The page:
As we mentioned, a Competency Framework is an essential platform for training, recruitment, succession planning, promotion and career development. So how does this translate into practice?
Let’s use a number of scenarios. Let us imagine that we have a particular Manager who is doing ‘ok’ but is looking to progress within the organisation and is not sure what to do next. What particular training and development is required? If the Competency framework is used effectively it becomes an essential part of the regular Personal Development review meetings. This means that each employee should know the competencies that are required in the business and to which level (or grade) they have been assessed. From there, a conversation can be held regarding the next steps the Manager has to take, which training courses are available and more importantly, what Competencies are expected in the future so that the Manager can progress.
Without a Competency Framework, there is a reliance on ‘what courses are available’, what people may need to get ‘better’ at (without the supporting coaching, training or support) or a general discussion about ‘wouldn’t it be great if…’.
More often than not, it is easier to say that everything is just ‘fine’ which leads to frustration from both parties. The very purpose of the Competency Framework is to specify the steps any Manager needs to take to meet the requirements, not only of the organisation but also of their own ambitions.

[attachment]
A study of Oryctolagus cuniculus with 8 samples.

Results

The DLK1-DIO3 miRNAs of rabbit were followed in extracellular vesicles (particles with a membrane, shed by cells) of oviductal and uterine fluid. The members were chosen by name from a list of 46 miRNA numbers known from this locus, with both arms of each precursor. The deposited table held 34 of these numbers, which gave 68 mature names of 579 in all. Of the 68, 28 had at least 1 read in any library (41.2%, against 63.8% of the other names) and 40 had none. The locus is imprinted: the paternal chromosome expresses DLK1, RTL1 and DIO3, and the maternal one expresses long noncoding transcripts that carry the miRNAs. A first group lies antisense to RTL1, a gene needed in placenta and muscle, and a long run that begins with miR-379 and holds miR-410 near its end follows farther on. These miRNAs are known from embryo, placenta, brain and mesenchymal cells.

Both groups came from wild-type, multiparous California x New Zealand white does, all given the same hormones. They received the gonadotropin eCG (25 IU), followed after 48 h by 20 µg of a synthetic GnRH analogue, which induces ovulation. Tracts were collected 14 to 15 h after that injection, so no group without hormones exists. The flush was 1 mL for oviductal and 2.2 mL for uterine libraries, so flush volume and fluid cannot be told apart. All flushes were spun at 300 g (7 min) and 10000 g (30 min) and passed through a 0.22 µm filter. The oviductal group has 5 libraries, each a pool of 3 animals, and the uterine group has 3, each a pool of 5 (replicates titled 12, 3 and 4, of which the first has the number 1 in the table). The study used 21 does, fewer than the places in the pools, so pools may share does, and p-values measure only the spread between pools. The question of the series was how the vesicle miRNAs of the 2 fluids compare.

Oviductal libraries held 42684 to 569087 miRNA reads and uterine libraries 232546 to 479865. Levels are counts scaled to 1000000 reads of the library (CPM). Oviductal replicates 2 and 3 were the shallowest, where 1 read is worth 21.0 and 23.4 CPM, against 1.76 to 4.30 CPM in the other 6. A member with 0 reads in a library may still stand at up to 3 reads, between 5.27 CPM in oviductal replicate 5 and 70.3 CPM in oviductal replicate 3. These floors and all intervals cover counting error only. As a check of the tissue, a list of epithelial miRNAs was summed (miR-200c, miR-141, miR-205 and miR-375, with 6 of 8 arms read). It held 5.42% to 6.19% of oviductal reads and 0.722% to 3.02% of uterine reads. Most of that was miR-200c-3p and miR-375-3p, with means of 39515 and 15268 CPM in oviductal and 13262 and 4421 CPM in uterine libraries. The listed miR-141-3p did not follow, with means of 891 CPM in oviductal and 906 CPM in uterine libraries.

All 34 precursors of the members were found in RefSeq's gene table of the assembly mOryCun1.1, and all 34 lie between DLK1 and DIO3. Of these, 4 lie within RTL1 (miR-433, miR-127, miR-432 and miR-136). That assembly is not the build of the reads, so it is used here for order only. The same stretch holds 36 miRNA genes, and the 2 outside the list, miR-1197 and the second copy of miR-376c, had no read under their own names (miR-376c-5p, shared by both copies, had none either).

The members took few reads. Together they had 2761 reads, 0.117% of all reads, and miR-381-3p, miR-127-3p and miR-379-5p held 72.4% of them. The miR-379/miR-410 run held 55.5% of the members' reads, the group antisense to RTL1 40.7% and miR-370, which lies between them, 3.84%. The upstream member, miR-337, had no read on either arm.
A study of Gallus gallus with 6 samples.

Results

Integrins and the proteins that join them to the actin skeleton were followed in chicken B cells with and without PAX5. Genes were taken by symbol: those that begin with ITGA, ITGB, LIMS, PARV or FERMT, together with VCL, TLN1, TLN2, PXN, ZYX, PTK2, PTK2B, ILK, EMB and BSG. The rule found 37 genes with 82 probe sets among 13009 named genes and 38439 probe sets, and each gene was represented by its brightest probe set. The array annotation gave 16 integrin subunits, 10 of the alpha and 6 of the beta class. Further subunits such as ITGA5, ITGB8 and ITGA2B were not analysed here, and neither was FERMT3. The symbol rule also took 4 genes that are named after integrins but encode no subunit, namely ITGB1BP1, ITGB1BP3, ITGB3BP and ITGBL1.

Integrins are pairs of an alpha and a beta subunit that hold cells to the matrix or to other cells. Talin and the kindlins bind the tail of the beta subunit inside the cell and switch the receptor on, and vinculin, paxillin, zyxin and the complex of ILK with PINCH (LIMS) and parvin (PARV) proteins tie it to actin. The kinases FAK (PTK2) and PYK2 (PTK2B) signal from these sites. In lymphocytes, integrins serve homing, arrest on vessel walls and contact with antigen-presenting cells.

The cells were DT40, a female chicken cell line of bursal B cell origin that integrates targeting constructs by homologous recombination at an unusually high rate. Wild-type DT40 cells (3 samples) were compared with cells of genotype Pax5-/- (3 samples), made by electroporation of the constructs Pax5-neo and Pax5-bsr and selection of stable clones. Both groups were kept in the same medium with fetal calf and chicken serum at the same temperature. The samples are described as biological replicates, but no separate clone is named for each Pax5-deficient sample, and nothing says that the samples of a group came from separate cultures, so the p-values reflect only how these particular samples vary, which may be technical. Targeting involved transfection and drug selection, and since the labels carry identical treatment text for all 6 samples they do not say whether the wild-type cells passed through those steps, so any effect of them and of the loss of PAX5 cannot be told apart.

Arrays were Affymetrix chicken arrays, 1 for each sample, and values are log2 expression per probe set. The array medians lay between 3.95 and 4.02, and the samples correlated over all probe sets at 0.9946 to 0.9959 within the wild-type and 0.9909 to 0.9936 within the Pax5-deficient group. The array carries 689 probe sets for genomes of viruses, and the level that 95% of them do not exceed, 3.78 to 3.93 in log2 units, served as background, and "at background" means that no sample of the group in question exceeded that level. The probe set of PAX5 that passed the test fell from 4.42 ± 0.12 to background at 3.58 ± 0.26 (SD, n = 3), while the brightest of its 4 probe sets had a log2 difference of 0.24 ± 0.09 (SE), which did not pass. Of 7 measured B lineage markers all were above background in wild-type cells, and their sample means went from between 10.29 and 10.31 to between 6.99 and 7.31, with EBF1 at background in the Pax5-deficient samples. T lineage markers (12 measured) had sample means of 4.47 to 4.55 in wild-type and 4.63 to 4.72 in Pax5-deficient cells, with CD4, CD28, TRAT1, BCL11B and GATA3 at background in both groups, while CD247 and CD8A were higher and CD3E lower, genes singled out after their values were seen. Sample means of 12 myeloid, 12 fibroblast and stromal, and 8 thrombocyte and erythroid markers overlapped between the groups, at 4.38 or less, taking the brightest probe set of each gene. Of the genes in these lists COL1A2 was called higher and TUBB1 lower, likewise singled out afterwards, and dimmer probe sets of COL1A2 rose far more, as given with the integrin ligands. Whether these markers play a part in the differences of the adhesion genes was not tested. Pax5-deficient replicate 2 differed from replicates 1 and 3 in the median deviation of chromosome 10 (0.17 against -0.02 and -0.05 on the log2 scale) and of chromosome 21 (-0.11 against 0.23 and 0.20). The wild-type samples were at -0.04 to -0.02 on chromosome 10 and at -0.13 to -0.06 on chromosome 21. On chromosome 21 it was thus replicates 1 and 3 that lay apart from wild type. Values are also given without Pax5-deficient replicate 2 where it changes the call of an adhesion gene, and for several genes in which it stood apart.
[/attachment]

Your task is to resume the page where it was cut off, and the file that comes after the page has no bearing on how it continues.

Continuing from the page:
What about the employee who is struggling? What about the employee who is not succeeding or is not able to perform to the satisfaction of their Boss or their Department? The problem with most organisations is that the assessment of each individual is based on subjective parameters, some of which can be quite unreasonable. There are enough instances of employees being promoted into positions without training in specific parts of the job. It is easy to criticise or downgrade an employee for poor performance (for example) but what if they don’t understand the numbers? What if they don’t understand the standards? What if the KPIs have not been explained? How many times have we heard the expression: ‘He was a really good Operator, not sure what happened to him after he was promoted’? Was it the Employee or the unrealistic expectations – and the lack of clarity regarding skillsets or competencies required in the next level in the organisation? Using a Competency Framework allows the organisation to train, for example, an intended Supervisor, before he or she takes on the job. It also allows them to be assessed before they even start.
And then, of course, there is recruitment. How often have we seen jobs that are advertised that bear little resemblance to the actual requirements of the position? This can lead to all sorts of problems when a new recruit finds out that the role is not what was promised and not in line with their particular talents – or ambitions. If there is a job advertised, it should be directly related to the Competency Framework. Otherwise it can be easily be a concoction of what certain people in the organisation believe the role should encompass – rather than reflecting reality.